The social media platform banned the historic image posted by Melbourne's Hellenic Museum


It's not the first time Facebook has come under fire for banning emblematic pieces of art from its feed for being obscene, too suggestive or offensive-in a nutshell: inappropriate.

The latest major incident involved an iconic photo of Nelly's depicting an avant-garde black and white image of famous at the time ballerina Mona Paeva on the Parthenon. The photo is part of a controversial series taken in 1928, and were published in the French magazine 'Illustration de Paris', that changed people's perceptions on Neoromanticism, art-nudes and photography altogether.

The Hellenic Museum of Melbourne posted the photo to announce holding an exhibition in collaboration with the Benaki Museum in Athens that includes some of Nelly's most iconic works. The much anticipated exhibition had been endorsed by Premier Daniel Andrews following his recent visit to Athens.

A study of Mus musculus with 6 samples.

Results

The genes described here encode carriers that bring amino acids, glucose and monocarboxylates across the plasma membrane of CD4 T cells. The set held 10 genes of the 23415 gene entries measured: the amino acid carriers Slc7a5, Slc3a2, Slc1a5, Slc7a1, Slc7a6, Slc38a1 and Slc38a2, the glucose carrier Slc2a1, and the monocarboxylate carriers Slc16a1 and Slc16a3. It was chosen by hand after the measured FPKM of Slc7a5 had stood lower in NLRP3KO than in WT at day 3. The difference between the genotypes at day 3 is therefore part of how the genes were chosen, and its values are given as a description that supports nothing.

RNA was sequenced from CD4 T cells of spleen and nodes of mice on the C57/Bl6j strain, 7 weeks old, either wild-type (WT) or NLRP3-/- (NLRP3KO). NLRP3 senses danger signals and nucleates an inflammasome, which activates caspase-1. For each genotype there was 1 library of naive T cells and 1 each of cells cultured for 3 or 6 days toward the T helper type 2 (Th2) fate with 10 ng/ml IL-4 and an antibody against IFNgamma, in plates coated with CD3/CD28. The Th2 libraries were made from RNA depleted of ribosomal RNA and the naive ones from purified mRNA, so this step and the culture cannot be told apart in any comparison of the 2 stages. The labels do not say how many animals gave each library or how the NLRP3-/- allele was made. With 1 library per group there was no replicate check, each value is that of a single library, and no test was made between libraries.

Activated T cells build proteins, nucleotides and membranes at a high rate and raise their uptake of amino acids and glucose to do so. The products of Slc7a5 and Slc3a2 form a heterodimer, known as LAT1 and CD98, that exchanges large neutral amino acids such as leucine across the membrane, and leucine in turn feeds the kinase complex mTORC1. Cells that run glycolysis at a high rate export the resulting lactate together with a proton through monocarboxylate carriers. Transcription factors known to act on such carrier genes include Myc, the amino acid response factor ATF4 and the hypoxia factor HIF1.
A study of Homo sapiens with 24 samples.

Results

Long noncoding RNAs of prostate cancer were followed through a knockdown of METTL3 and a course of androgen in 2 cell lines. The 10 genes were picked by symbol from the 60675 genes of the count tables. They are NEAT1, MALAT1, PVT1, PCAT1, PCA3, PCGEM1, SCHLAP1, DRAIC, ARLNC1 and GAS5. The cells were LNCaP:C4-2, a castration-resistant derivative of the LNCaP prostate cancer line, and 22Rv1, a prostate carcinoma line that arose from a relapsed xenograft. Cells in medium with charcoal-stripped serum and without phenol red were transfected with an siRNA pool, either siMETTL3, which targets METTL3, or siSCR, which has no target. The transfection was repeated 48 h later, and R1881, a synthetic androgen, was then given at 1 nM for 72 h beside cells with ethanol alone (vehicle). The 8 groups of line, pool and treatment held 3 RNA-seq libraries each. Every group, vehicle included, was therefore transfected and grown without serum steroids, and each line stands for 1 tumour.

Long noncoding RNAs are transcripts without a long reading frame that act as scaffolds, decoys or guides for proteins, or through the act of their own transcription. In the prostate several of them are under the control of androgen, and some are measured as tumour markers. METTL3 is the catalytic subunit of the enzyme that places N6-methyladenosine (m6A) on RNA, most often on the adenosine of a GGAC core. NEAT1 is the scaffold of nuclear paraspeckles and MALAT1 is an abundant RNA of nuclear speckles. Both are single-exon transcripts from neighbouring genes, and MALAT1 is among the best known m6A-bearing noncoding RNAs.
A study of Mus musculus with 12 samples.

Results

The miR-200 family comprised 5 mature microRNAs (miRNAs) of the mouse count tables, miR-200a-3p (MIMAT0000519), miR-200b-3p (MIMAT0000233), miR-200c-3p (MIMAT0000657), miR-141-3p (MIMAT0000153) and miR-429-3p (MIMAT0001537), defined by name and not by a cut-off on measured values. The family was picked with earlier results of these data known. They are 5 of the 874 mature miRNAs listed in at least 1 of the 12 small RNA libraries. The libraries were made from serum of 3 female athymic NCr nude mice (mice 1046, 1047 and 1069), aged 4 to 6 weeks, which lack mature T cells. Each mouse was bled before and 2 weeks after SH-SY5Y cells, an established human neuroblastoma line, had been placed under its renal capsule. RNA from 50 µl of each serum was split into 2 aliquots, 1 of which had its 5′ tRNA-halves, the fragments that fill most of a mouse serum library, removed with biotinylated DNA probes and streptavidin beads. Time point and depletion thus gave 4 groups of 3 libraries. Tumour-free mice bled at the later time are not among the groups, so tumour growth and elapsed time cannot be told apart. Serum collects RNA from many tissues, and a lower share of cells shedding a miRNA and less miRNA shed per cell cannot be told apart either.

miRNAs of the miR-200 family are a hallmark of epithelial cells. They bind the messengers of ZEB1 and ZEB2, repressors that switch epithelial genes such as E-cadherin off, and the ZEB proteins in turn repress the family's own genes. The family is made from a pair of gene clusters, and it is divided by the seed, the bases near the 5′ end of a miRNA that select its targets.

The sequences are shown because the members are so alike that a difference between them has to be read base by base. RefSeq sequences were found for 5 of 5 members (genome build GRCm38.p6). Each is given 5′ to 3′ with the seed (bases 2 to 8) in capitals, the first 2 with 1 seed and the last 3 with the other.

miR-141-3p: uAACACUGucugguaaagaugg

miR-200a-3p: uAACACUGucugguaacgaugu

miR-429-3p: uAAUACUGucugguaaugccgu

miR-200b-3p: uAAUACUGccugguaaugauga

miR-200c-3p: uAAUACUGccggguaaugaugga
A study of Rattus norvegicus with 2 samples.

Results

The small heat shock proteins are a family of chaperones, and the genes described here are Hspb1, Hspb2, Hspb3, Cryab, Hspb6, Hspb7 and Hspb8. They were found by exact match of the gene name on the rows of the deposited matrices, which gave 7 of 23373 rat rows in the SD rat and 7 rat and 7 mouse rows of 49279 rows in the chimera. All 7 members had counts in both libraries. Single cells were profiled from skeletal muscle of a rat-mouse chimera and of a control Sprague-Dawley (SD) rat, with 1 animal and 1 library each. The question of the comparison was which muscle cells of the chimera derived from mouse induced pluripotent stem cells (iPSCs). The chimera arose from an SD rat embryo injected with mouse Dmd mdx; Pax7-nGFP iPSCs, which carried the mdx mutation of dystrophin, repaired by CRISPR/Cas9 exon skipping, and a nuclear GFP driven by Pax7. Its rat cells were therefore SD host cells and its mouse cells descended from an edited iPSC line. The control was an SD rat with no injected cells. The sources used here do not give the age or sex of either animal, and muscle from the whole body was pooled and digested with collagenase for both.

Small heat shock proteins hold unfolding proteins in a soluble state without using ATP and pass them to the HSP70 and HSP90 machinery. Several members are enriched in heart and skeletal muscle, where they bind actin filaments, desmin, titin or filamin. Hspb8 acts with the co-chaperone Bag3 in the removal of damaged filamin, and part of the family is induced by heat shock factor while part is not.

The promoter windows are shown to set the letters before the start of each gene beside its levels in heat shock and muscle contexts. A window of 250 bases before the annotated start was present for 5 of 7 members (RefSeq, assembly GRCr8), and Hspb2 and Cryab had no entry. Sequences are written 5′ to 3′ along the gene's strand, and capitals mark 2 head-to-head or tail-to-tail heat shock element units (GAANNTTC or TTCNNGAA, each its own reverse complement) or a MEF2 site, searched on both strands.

Facebook decided to block the post, stating that the image violated their guidelines around sexual content. To avoid further censorship, the Hellenic Museum reposted the announcement using a more "modest" photo.

Nelly's aka Elli Sougioultzoglou-Seraidari is considered to be a trailblazer in photography and feminism celebrating freedom and movement through her aesthetic.

Nelly's was adored by the bourgeoisie having taken photos of the era's most prominent personalities from the worlds of politics and the arts. The Greek photographer who was born in Aydin, Asia Minor studied photography in Germany, where she was influences by Hugo Erfurt and Franz Fiedler, great teachers of the time. From 1924 on and after establishing herself in Athens and opening a photography studio in Ermou Street, Nelly's adopted a more Greek-centred and conservative approach to her work and became a Greek export to the USA.

Her work from 1927 and until World War II, depicts a rare view of Greek life in Greece and the Diaspora. Her images of ancient monuments and temples were used to promote Greek tourism while her constant use of dancers established her as one of the leading dance photographers of the interwar period. In 1939, she added advertising photography, colour photography and photo reporting to her range of skills.

Her work continues to influence photographers and artists across the globe to this date.